January 11, 2010
Salmonella Outbreak Tied to Pet Frogs
Children are especially at risk
By Beth Preiss
It wasn't the cheese-flavored crackers, even though all of the first 11 sick patients interviewed had eaten them.
A study by the U.S. Centers for Disease Control and Prevention linked their Salmonella infections to pet frogs.
By the end of 2009, at least 85 people in 31 states had contracted the same strain of Salmonella. Most were younger than 10 years old. Among cases where the outcome was reported, one-third of the patients had to be hospitalized.
Water spreads the bacteria
According to the CDC, the children probably didn't even touch the frogs. "The most likely source of transmission in this outbreak was contact with water from the frogs' aquariums," the agency said. The CDC reports that about 6 percent of Salmonella cases in the United States are due to reptiles and amphibians, and 11 percent of cases in people under 21 years old.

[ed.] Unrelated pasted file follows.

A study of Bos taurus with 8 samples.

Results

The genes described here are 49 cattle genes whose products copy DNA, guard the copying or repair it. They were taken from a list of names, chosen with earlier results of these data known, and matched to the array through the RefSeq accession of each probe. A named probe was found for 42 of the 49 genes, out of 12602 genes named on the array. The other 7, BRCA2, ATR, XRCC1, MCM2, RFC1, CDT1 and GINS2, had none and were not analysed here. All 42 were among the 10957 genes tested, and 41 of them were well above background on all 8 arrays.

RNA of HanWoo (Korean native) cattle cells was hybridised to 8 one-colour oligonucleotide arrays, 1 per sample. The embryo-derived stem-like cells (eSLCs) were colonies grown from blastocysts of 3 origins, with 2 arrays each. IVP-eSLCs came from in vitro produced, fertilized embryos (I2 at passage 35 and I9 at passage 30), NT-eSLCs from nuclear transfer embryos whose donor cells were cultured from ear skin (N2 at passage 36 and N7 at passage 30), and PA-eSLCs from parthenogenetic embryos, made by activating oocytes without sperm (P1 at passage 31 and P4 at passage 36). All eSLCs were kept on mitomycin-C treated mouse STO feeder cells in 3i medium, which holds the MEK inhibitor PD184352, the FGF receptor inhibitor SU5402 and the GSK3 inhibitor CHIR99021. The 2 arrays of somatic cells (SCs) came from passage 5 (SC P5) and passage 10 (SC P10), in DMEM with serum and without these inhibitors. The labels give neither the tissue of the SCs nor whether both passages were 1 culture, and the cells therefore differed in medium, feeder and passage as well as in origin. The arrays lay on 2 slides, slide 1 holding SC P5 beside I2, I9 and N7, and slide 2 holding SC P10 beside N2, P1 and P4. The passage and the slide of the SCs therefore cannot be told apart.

African dwarf frogs
All 14 of the patients who knew the type of frog were exposed to African dwarf frogs. The frogs were obtained at various venues including a department store, pet shop, and carnival.
Frogs sold in some surprising places
Some specialty stores known for gadgets or greeting cards have begun selling African dwarf frogs in small habitats. One woman contacted The Humane Society of the United States after ordering a pair of the frogs by mail as a gift. The animals had arrived dead.
People don't go to these stores to buy a pet, but they may end up buying one on the spur of the moment. Pets should not be impulse purchases, and frogs are complex wild animals who don't make good pets. If released into the environment, these little critters may not survive, and they can carry fungus that kills native species.
Adopt, don't buy
If you want a pet, take time to determine which animal is right for your family and whether you can provide a lifetime of proper care. Then visit a local animal shelter and adopt.
What you can do
- Don't get a frog as a pet.
- Ask retailers to stop selling frogs.
- If you already have a frog, have an adult clean the habitat (and don't use the kitchen sink).
- Wash your hands thoroughly after coming into contact with the frog or the water.
- If you can no longer care for a pet frog, contact a local animal shelter.
- Never release frogs or any other pet outdoors. It can be cruel to the pet and is bad for the ecosystem.
Learn more about the outbreak from the CDC.
Beth Preiss is The HSUS's captive wildlife regulatory specialist.